One view of personality is that there are five basic dimensions that can explain individual differences in personality.  The five dimensions in the big five personality theory include extraversion, openness to experience, emotional stability, agreeableness, and conscientiousness.  Below are some definitions of these five personality dimensions (and examples of personality):

Extraversion Definition: 
Extraversion refers the extent to which a person is sociable, talkative, lively, active, and excitable.  A highly extraverted person would be very sociable, talkative, lively, active, and excitable.

Openness to Experience Definition:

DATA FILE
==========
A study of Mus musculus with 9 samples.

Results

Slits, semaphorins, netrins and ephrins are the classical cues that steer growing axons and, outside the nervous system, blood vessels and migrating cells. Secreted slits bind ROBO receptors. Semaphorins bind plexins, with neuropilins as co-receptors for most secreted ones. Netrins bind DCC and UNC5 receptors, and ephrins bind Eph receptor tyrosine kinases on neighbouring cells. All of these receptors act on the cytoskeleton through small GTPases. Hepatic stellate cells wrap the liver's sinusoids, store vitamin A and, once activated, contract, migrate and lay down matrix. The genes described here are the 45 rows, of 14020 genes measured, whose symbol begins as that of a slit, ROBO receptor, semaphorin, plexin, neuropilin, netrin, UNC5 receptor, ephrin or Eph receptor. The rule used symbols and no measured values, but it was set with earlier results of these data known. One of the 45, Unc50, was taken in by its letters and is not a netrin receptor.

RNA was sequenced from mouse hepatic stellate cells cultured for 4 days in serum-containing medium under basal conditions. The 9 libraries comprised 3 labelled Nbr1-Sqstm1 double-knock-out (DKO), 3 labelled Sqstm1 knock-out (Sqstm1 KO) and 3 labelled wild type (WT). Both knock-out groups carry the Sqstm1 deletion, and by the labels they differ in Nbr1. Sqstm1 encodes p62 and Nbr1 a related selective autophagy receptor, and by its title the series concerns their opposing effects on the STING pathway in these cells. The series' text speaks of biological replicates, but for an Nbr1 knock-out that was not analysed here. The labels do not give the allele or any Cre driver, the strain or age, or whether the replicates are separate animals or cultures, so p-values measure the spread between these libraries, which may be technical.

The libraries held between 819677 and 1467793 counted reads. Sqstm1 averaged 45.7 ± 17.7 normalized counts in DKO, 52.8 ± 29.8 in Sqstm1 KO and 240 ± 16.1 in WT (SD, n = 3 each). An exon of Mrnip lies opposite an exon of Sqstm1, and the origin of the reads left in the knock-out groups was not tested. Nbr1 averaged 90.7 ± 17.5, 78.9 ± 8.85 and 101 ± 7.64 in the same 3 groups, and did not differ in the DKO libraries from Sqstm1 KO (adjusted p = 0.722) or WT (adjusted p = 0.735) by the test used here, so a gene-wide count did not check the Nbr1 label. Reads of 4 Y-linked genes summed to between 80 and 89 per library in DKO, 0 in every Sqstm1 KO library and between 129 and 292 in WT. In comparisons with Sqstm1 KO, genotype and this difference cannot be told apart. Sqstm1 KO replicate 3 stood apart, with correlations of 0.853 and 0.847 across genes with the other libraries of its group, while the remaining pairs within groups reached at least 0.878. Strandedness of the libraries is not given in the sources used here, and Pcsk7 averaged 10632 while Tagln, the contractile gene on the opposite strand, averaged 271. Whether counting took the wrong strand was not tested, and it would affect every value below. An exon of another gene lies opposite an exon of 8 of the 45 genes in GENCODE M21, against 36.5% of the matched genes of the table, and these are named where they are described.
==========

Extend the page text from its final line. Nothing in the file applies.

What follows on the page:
Openness to experience refers to the extent to which a person is imaginative, independent, and has a preference for variety.  A person who is high in openness to experience would be a creative thinker who is independent and does not like routines.

Emotional Stability Definition: 
Emotional stability refers to the extent to which a person is calm and secure.  A person who is very stable emotionally would remain calm in many situations and would feel secure.

Agreeableness Definition:  Agreeableness refers to the extent to which a person is good-natured, helpful, trusting, and cooperative.  A person who is high in agreeableness would be caring, help others, trust others, and strive to be cooperative in groups.

Conscientiousness Definition: 
Conscientiousness refers to the extent to which a person is organized, careful, self-disciplined, and responsible.  A person who is high in conscientiousness would make an effort to be careful, organized, and responsible.